Filmmakers: What to Expect from Your First Film Festival
You’ve finally done it. You’ve made a film — most likely a short — and you’ve been accepted to your first film festival. So, what should you expect? Well, first thing’s first. I don’t want to burst your bubble (after all, getting screened at a film festival is a big deal — it really is) but it’s important not to have any illusions about what this means for you as a filmmaker.
Getting into a festival is like any other career achievement. It’s something to enjoy; it’s something to put on your resume; it’s an opportunity to gain some exposure and make some connections. It’s very rarely, however, a giant breakthrough that results in funding for a major production. After all, there are hundreds of film festivals in the United States alone, with thousands of filmmakers screening their work every year, yet when you see commercials for upcoming Hollywood releases, almost none of them were directed by filmmakers who just got discovered at a festival.
So, let’s talk about what going to a film festival is really like. Unless you’re fortunate enough (or skilled enough) to get into a major festival, such as Sundance or Toronto, the festival you’ll be attending won’t be filled with red carpets and photographers clamoring to take your picture. As a matter of fact, if your film is a short and it ends up showing with other short films, you may only see twenty or thirty people at the screening, and most of them will be other filmmakers and their friends and family.
All right. Now that I’ve dashed all your hopes and dreams, let’s get to the good stuff. Outlined below are two of the most important opportunities in store for you at your first film festival:
1) Seeing the Audience’s Reaction
Except under rare circumstances, filmmakers don’t make films for other filmmakers; they don’t make films for their family, and they don’t make films for their friends. (Wow, that was a lot of alliteration.) Filmmakers make films for an audience, and that’s where a film festival comes in. A film festival is usually your first chance for a screening in front of complete strangers — in front of people who have nothing personal invested in your production. This means that a festival is probably your first opportunity to get an honest reaction to your work.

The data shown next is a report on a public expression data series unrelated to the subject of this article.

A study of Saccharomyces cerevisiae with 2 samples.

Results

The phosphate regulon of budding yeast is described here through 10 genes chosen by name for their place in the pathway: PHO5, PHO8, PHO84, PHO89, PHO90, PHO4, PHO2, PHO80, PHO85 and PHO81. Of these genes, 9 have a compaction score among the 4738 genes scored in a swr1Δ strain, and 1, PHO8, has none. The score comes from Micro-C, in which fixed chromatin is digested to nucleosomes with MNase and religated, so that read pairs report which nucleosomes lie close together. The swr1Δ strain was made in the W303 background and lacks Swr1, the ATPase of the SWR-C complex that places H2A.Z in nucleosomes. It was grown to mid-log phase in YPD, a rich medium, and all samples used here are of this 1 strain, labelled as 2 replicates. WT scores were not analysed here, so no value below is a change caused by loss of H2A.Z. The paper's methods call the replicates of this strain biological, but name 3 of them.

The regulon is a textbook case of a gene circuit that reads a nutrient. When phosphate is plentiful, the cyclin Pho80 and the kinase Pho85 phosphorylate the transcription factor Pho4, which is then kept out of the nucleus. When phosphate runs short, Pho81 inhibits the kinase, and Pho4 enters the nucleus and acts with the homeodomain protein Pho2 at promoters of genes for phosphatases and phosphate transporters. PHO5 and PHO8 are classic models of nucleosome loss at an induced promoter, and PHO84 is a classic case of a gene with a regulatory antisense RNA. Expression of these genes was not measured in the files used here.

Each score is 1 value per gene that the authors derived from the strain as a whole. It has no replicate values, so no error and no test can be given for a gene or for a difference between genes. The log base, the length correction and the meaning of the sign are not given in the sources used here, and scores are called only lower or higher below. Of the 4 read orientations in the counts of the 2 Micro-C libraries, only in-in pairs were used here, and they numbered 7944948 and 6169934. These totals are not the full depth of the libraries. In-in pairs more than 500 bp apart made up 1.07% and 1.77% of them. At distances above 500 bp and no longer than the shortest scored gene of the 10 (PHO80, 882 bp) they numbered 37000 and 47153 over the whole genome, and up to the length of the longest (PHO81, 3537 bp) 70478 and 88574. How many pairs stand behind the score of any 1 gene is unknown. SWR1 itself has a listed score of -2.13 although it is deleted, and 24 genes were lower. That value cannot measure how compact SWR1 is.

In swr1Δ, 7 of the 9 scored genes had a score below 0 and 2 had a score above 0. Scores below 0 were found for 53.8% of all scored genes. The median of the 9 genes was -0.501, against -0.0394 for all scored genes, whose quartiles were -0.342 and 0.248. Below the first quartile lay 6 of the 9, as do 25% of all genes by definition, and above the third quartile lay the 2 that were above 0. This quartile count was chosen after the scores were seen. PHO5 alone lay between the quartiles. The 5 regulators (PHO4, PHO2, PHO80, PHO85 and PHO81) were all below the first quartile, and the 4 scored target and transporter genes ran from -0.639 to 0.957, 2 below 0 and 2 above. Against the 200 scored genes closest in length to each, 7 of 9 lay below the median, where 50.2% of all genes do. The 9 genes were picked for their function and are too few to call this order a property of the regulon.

A few things to consider:
- While screening your work in font of an audience is invaluable, you have to remember that all audiences are different. If you’re unlucky enough to get a small, quiet, lethargic crowd, you’re not going to get the same kind of reaction you’d get from a large, excited crowd – especially if your film is a comedy. (After all, laughter is contagious, and that’s not just an old saying. It’s absolutely true.) In other words, the more audiences you can get your work in front of, the better chance you’ll have to gauge the quality of your film.
- If you’re anything like me, the thought of sitting there while other people watch your film is about enough to make you throw up. I get so nervous before a screening that my first impulse is to step outside while my film is being shown. Don’t do it. Moreover, you should avoid sitting in the back of the theatre. If you’re sitting in the back, you’ll miss a lot of the smaller — and often more telling — audience reactions. Try sitting in the middle of the theatre.
- Most screenings will have a Q&A session after the films. Even if you’re nervous about speaking in front of an audience, take the leap and get up there. Getting direct feedback from an audience is important. A lot of times their questions will reveal weaknesses in your work, and their positive feedback will reveal your strengths.
Most participating filmmakers, if they can afford to fly out to the festival, will attend. So if you’re at a festival and you see films you like, find the filmmakers. Even if you’re unlikely ever to see these people again, you’ll have a great opportunity to ask questions and exchange ideas about common indie-film problems such as finding locations and hiring a quality crew. And yes, you can always ask about securing funding, but don’t expect much insight. There’s just no easy way to do it.
Now, if you’re at a festival that’s in your own area, you have the added bonus of using the festival as an informal casting and crew call. Most small to medium-sized festivals screen a decent number of films, so go see all of them. If you notice a few great actors, make a note of their names. If you see a film with great lighting and camera work, write down the cinematographer’s name.
A few things to consider:
- If you’re a relatively new filmmaker — especially if you’re young — it can be intimidating to walk up to other filmmakers and strike up a conversation. Don’t let this hold you back. If someone walked up to you and told you how great your film is, wouldn’t you be happy to talk for a few minutes?
- Two things to have on hand at all times: business cards and postcards with the date, time, and venue of your screening. Filling the seats at your screening is as much your responsibility as it is the festival’s. Any time you talk to other filmmakers, let them know when your own film is showing and offer them your business card in case they want to stay in contact.
- In addition to screenings, most festivals hold meet-and-greet events and after-parties where the filmmakers can network. Make sure to take advantage of these. It’s your best opportunity to find an entire room full of people who can offer you insight. Granted, sometimes these parties are filled with incredibly loud music, which makes networking difficult, but go anyway. You never know who you’re going to meet.
So, there you have it. In most cases, screening your film at a festival isn’t going to be a miraculous, career-changing event, but that shouldn’t keep you from enjoying the moment and appreciating it for the opportunity it is.